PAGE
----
As lockdown restrictions are relaxing, many of us are rejoicing. We can go to pubs, restaurants and cinemas, see our grandparents, and go on holiday again. However, for those of us with social anxiety, we might find these new adjustments hard to cope with. This is not just because the threat of the virus is still present, but also because socialising itself is harder than ever to do.
It has been scientifically proven that isolation can weaken a person’s social skills. Due to this, in a Covid-19 world, where a lot of us have been deprived of face-to-face contact, this makes a lot of sense. If we don’t spend time with other people, eventually we can get out of practice. We might find it harder to detect sarcasm, or voice intonations. We might find ourselves interrupting people more than we intend to, or we might find it harder to read people’s facial expressions.
This is because we’re rusty. We’ve spent months alone with ourselves at home, where we didn’t have to anticipate anyone else’s needs other than our own. We’re out of practice with connecting to one another-quite literally if we’re used to seeing faces freeze on group chat meetings.
As a result, even the average person might find socialising harder to deal with. However, if you’re a person with social anxiety, this might be too much to bear. Whenever you meet up with friends, you might feel panicked by the fact that your social skills have regressed. You might return home early in a panic, thinking that you will never regain them. This can leave you feeling even more isolated than when you were in quarantine. But don’t worry.
This is all temporary. As you get more practice, and get used to a new normal, hopefully it will all come flooding back.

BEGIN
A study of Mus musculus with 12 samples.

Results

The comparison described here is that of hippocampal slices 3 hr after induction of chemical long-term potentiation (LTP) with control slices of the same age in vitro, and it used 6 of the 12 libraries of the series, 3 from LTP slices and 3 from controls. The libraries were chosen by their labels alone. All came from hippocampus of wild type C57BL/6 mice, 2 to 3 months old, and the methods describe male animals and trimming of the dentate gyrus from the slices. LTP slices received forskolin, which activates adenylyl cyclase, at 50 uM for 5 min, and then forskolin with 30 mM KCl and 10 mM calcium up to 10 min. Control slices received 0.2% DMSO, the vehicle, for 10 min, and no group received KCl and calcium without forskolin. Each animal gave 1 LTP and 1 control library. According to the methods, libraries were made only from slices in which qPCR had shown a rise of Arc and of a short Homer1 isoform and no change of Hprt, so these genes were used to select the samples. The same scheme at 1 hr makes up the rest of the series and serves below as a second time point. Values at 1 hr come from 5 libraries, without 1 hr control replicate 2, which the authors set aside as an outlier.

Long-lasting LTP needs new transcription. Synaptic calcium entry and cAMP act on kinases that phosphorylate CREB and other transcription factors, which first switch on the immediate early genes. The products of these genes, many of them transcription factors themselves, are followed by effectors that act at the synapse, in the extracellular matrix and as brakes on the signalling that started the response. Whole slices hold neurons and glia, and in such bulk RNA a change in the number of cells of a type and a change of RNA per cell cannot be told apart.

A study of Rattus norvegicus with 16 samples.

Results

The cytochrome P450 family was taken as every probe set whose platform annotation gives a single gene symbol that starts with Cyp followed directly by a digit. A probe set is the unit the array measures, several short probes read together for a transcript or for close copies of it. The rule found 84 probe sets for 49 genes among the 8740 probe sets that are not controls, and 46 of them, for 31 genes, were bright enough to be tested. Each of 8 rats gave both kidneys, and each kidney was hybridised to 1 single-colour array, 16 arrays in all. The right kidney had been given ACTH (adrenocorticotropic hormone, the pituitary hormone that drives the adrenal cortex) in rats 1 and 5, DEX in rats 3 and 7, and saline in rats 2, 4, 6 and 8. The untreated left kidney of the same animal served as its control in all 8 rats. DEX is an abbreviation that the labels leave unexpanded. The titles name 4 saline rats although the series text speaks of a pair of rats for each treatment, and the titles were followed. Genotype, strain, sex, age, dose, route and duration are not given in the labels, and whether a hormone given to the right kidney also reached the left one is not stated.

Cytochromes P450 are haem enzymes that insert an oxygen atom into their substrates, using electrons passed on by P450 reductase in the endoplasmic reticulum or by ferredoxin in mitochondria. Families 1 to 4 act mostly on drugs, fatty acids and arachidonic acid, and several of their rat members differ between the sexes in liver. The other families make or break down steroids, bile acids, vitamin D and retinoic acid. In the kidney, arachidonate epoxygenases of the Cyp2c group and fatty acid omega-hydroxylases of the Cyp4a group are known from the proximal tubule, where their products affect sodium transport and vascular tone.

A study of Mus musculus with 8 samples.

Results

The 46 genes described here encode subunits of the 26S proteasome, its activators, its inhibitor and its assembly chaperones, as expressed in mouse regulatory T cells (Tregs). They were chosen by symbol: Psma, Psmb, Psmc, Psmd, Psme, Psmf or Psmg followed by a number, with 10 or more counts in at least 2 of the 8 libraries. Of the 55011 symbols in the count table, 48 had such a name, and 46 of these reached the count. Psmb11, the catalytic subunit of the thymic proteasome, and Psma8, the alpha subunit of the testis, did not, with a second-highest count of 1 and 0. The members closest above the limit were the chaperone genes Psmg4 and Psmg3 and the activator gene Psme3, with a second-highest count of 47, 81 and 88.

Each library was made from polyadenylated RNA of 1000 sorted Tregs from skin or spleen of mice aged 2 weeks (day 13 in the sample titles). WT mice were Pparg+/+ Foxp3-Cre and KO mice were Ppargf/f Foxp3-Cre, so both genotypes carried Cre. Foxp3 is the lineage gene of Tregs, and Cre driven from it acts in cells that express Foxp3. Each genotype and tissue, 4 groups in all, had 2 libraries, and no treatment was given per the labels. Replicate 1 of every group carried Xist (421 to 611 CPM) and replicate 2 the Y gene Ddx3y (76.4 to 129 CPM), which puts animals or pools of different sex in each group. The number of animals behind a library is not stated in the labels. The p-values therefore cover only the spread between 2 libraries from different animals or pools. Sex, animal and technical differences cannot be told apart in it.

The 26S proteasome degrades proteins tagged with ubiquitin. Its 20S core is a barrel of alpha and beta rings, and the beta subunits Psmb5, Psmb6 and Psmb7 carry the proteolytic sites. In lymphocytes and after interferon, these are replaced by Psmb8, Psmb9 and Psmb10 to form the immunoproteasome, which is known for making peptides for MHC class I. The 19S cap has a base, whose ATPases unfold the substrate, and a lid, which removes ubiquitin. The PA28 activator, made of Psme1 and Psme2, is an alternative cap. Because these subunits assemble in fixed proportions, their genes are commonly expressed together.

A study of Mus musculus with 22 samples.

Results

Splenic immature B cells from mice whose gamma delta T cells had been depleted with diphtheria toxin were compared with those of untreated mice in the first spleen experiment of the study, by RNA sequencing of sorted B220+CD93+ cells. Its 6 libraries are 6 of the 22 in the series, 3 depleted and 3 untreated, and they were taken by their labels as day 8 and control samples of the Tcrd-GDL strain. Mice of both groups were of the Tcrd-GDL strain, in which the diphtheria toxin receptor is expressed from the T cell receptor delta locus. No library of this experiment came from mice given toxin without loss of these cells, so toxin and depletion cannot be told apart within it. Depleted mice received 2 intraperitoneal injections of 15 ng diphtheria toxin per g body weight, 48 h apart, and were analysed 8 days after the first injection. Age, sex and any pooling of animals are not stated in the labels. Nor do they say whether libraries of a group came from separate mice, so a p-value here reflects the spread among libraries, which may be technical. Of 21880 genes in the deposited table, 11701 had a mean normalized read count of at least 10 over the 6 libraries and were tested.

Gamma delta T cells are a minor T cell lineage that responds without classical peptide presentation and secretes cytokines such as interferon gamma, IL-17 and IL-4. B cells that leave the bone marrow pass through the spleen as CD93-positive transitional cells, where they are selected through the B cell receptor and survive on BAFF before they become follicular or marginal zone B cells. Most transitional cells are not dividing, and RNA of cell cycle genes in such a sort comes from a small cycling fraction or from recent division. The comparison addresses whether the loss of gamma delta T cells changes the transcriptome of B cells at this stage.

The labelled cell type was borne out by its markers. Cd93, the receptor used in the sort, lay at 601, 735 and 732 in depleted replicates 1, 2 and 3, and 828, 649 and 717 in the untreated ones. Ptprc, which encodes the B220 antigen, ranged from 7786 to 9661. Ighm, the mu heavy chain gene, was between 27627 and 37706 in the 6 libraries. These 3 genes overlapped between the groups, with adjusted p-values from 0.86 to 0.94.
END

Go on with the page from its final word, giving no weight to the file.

However, there are several things you can do in order to get back into the swing of things. First of all, if you don’t feel ready to meet up with six friends at the local pub, don’t do it. Start off with meeting one or two close friends. Maybe explain to them how you’re feeling. If they are good friends, they will understand and not force you to do anything you feel uncomfortable doing. Afterall, we are still in the midst of a global pandemic, so it’s understandable that your anxieties will be high for a while. Don’t let anyone tell you that you’re being silly or dramatic because you’re not. Just take it one step at a time.
Second of all, don’t be hard on yourself for struggling in the first place, even if you do find it harder than usual to keep up with group conversations. The chances are, even if you do occasionally interrupt those around you, or say the wrong thing, no one will notice, as everyone is too busy focusing on themselves to care.
However, the most important thing you can do is not to isolate yourself completely. Just keep on socialising as much as you can, whether that be in person, or through texts. You will make mistakes, and all of us will. It’s part of being human. But if you let every set back stop you, you’ll find each conversation harder instead of easier. Keep trying and keep learning. It’ll get better, I promise.